Warther Carvings Museum and Button Collection
You've probably never heard of Ernest "Mooney" Warther, which is a shame. He is the Joan of Arc of American art, an unschooled, untrained marvel whose work so impossibly exceeds what could possibly have been expected of him that it defies explanation.
Unlike Joan, Mooney's accomplishments are obscure, and they are likely to remain that way. They can be seen only in a small town in Ohio. And they consist almost entirely of carvings of pliers and steam engines.
Mooney was born in Dover in 1885 and lived there for most of his 87 years. He never got past the second grade and his father -- who died when Mooney was three -- "couldn't make a wood shaving," according to our museum tour guide.
Mooney, however, could carve. As a boy he met a hobo who taught him to whittle a pair of pliers out of piece of wood. Mooney quickly mastered this. He then set himself the task of seeing how many pliers he could make if each handle of the original plier was then carved to form a new set of pliers, and so on, and so on. His "Plier Tree," on display at the museum, has 511 interconnected pliers carved from a single block of wood. Math professors from Case University in Cleveland studied it, and declared that it was impossible.
Having pushed the plier thing as far as he cared to, Mooney began his second, and grandest, phase of his work -- carving perfect scale replicas of massive locomotive steam engines. The museum is a surprisingly well-mounted shrine to these masterworks, with tasteful displays, key lighting,and spacious galleries that rival anything in New York City or Washington, DC.
Here's the Big Boy, carved in 1953. There's the Lincoln Funeral Train, carved in 1965, with tiny Lincoln in his tiny casket inside. Over there's the Great Northern, carved in 1933, which was Mooney's favorite. He worked almost exclusively in walnut, ebony, and ivory, and since he loved elephants he only used antique tusks or ivory from old billiard balls.
Many of his carvings have small built-in motors so that the engine wheels turn, and Mooney used a special oily Brazilian wood for the bearings so that they would never need lubrication.
Every piece -- and some of the carvings have over 7,500 -- was carved by hand, every pipe, rivet, and lump of coal, even the microscopic connecting rods and eentsy-weentsy screws, all of which must -- and do -- work flawlessly. With only a workbench, a vise, and some hand-made knives, Mooney did this. He even carved perfectly round wheels. The experts put their calipers to his work, shrugged their shoulders, and said that it was impossible.
As you might expect, this is a popular museum with retirees, who like old things and who are favorably inclined toward a story of a family man who confounded the pointy-heads with simple hard work and diligence. The tour guides tell schoolchildren that Mr. Warther would carve from 2 to 5 a.m., then go to work in a machine shop, then come home and carve for two more hours. Only five hours a day to create masterpieces, which is less time than most kids spend texting or playing video games. It's also mentioned that Mooney's encyclopedic knowledge of steam engines came from studying old railroad repair manuals, an example of "what love of reading can do to you."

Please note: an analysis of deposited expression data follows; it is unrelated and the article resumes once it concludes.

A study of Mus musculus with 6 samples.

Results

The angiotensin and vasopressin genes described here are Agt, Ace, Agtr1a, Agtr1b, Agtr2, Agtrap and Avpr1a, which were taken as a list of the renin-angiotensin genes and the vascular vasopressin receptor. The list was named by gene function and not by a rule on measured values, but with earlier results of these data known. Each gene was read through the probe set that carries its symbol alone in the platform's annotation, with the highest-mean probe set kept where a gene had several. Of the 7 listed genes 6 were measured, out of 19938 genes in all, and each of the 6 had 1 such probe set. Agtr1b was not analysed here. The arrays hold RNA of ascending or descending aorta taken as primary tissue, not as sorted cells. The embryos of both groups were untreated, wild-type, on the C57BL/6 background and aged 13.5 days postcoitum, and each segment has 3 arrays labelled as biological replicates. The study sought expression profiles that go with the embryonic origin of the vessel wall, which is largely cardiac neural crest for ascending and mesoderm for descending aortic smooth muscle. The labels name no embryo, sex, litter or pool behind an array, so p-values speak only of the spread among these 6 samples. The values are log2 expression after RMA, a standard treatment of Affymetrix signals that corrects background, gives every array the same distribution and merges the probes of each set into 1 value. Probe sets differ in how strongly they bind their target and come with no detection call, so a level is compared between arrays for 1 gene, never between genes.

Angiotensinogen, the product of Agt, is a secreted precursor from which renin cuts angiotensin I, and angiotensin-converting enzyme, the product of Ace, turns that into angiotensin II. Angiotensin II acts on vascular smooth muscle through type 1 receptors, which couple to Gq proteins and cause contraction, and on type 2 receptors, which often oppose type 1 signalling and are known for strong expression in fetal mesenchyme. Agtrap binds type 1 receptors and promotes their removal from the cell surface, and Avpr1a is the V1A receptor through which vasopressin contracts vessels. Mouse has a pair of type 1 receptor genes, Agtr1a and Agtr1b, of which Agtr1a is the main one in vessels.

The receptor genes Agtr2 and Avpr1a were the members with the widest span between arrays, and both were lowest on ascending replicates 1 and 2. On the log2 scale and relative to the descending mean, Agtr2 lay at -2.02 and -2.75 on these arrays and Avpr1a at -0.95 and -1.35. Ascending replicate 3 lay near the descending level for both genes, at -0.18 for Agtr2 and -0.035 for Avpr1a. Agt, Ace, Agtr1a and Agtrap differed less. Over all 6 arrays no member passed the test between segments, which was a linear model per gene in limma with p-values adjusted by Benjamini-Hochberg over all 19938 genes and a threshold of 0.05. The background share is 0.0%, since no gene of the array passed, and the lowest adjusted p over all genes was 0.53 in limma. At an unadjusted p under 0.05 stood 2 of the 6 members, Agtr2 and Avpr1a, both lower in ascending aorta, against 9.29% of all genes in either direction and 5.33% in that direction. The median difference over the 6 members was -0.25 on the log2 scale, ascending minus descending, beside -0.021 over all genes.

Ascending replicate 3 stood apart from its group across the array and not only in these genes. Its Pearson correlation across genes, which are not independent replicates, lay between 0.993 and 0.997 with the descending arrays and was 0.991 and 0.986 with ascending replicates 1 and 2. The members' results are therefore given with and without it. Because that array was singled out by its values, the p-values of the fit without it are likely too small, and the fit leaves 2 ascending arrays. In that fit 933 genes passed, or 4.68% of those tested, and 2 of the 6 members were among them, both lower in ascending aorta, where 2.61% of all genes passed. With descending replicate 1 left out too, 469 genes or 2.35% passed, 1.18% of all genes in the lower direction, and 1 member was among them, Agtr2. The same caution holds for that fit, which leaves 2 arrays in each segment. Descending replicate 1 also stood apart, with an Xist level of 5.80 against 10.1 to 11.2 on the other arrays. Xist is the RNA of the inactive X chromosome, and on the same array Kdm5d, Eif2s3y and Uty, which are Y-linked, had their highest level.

The tour guides speak with authority, for they are Mooney's grandchildren and great-grandchildren. The Warther Museum is a family business. All of its profits are poured back into it, which explains its spaciousness and expensive displays. "No grant money or tax dollars are used to fund the museum," our tour guide tells us, which is another popular point with the retirees. The Warther family earns its living by making high-end kitchen cutlery, a business begun by Mooney. During World War II Mooney also made custom commando knives,but as soon as the war was over he swore that he would never make another knife for killing.
That vow, however, was not taken by his sons and grandsons, and today the Warther family custom commando knives are in big demand. One, on display outside of the knife shop, is an ivory-handled "Commander in Chief" knife that was made for Commando George W. Bush so that he could single-handedly win the war on terror. (As of our visit he hadn't yet picked it up.) Bring 'em on!
In 1929 Henry Ford offered Mooney $75,000 cash and $5000 a year for life if he would move his family to Ford's Greenfield Village attraction and set up shop there as a living exhibit. Mooney declined, telling Ford that his roof didn't leak, he wasn't hungry, and his wife Freida "had all her buttons" -- a reference to her collection of 73,282 buttons. Freida's collection is also on display in the Warther Museum, in the "Button House," where it is sewed onto fabric panels in dozens of dizzying geometric patterns. It's a tribute to yet another overlooked artist, and another reason to visit this place.